Mental Health Insurance and Health Plan


Do most health plans include mental health coverage? The answer, simply put, is yes. The vast majority of insurers and health plans cover at least a limited amount of mental health care.

According to a recent employer survey published in the journal Health Affairs:
?91 percent of small firms (10-499 employees) and 99 percent of large firms offer mental health and substance abuse coverage in their most used medical plans.
?Mental health and substance abuse coverage was included in 87 percent of indemnity plans, 88 percent of HMOs, 97 percent of Point of Service (POS) plans and 93 percent of Preferred Provider Organizations (PPOs).

It is commonly acknowledged today, in 2006, that most employees who have employer-based health insurance have access to mental health coverage, and many of the employees who don't have coverage have simply chosen not to join an employer's plan that includes mental health services.

Does mental health coverage cost more? Yes, this is generally the case. There are limits to mental health coverage and the reason why most employers impose limits is due to cost. Estimates vary widely of how much more mental health coverage costs. Here are some results from some studies:

?A 1998 study sponsored by National Advisory Mental Health Council (NAMHC) Parity Workgroup, a division of the federal National Institute of Mental Health, estimated that mental health services would add less than 1 percent to the cost of a health insurance policy for an HMO.

?A 1998 study by Mathematica estimated a 3.6 percent increase across all plans, with a range of 0.6 percent increase for HMOs up to a 5 percent increase for fee-for-service plans.

?A 1997 analysis by the actuarial firm Milliman & Robertson for the National Center for Policy Analysis, examining the cost of a typical mental health mandate (not specific legislation), concluded that mental health services parity legislation tends to drive up costs by 5 percent to 10 percent.

With regard to mental insurance in general, how do insurance companies treat mental illness? Insurance companies tend to be somewhat wary of mental health claims due to the increase of fraudulent claims. When Medicare looked for fraud in the community mental health centers last year, it barred 80 of them in nine states from participating in the program.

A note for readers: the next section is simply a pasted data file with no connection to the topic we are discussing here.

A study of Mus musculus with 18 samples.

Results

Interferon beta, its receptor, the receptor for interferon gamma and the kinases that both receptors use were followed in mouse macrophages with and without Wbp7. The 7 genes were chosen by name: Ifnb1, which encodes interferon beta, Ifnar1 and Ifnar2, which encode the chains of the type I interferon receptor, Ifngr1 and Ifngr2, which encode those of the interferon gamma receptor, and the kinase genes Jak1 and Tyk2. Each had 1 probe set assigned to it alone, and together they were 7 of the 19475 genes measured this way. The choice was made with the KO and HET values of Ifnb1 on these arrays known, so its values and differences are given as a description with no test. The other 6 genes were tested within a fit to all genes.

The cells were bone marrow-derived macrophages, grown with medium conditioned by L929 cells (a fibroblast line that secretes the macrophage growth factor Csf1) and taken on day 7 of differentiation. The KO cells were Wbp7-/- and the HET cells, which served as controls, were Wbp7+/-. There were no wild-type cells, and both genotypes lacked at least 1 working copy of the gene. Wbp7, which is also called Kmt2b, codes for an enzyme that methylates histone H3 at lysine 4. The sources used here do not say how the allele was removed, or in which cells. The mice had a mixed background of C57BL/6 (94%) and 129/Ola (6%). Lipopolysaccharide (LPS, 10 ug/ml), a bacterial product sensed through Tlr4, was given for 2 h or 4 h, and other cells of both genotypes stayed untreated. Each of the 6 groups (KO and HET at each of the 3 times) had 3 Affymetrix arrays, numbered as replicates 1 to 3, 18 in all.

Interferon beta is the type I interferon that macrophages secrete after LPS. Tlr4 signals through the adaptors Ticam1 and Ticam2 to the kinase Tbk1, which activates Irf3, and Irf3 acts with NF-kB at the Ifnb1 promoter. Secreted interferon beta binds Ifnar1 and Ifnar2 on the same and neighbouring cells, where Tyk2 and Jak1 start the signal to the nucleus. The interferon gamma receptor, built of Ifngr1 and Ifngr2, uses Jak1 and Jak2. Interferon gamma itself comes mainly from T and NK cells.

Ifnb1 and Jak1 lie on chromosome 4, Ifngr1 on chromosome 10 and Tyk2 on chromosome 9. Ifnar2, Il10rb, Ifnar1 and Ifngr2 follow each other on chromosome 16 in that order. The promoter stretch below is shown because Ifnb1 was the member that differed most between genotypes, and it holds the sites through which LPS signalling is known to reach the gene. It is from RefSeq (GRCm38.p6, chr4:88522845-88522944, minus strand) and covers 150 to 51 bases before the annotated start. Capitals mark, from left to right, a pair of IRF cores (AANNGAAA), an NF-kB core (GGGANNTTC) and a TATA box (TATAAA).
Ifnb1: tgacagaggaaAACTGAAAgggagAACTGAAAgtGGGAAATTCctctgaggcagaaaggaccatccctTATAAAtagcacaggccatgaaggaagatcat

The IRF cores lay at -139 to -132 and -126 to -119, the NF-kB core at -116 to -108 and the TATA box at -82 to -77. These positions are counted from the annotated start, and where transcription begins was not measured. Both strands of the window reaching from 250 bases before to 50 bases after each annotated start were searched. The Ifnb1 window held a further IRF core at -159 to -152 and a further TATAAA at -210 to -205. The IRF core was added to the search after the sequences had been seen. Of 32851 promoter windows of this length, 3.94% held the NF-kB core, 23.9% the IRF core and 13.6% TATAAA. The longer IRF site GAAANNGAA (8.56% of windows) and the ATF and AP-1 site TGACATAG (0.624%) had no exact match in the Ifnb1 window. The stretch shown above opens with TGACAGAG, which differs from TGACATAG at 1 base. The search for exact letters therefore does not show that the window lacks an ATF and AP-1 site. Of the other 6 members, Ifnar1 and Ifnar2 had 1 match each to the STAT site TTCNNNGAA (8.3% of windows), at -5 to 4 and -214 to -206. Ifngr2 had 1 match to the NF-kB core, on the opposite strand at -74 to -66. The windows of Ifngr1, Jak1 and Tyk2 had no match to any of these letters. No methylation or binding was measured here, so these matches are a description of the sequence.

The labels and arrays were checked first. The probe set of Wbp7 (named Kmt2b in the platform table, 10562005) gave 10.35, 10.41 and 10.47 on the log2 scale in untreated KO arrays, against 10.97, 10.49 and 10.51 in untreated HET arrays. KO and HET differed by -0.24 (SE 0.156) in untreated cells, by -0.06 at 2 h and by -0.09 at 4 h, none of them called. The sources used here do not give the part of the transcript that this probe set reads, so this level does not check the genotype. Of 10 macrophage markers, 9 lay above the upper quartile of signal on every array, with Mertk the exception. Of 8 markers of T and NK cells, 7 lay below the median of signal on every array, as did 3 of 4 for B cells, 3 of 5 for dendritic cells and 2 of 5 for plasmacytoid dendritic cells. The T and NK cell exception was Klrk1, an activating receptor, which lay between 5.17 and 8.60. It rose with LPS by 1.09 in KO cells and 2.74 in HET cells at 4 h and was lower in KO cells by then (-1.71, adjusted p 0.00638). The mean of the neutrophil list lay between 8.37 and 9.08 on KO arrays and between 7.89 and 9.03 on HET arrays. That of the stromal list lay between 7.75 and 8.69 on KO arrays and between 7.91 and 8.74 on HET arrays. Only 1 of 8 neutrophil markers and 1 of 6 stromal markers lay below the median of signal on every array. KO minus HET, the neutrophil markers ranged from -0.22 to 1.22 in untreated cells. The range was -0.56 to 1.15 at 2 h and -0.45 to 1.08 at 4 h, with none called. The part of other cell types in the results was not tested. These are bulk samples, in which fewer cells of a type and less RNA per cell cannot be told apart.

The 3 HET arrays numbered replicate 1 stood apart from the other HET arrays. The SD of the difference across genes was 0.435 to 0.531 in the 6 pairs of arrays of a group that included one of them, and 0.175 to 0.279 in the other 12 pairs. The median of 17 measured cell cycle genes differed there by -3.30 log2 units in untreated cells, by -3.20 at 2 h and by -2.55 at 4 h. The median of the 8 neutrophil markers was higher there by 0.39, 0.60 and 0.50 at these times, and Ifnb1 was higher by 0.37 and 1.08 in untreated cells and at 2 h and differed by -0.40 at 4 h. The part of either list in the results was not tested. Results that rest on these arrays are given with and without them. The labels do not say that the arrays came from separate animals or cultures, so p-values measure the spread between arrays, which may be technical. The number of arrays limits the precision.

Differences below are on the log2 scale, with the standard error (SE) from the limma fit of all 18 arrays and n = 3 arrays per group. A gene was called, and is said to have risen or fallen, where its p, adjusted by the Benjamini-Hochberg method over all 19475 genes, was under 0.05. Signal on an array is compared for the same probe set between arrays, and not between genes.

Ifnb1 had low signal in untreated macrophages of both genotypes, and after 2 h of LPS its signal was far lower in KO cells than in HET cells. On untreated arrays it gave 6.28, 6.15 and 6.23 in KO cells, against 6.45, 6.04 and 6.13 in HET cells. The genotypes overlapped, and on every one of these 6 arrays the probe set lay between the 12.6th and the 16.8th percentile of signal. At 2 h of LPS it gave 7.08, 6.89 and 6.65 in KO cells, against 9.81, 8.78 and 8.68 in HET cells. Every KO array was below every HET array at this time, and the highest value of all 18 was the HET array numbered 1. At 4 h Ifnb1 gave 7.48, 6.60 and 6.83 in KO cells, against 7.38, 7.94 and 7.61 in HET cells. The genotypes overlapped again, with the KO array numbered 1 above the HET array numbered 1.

The Health Care Financing Administration (HCFA), which administers Medicare, knew something was amiss when the average yearly cost for each senior getting mental health services jumped from $1,642 in 1993 to more than $10,000 by 1997.

Medicare administrator Nancy-Ann DeParle contended at the time that 90 percent of the patients had no mental illness serious enough to qualify for special treatment.

That being said, it's straightforward to understand why there is trepidation on the part of health insurance providers.

What mental conditions are typically covered, and not covered by health plans? Generally speaking, a health plan pays for only those services included in the plan's list of covered services. In the case of mental health services, inpatient and outpatient treatment are most often covered by health plans.

However, there is a continuum of services between inpatient (mental health clinic) and outpatient care that effectively treat many mental disorders and are often more cost-effective than inpatient care at a mental health clinic.

These intermediate services include nonhospital residential services, partial hospitalization services, and intensive outpatient services such as case management and psychosocial rehabilitation. Psychosocial rehabilitation includes pharmacologic treatment, social skills training, and vocational rehabilitation.

Such services are covered by approximately half of employer-sponsored health plans.
Prescriptions. Are they covered? Coverage of prescription medications is also important in providing access to treatment for mental health disorders. And, on a positive note, Prescription medications are nearly always covered by health plans (U.S. Department of Labor, 1996; 1998), but this coverage is sometimes limited by formulary restrictions.

Check with your healthcare provider for the exact details on what applies to you and your family with regard to your specific circumstances.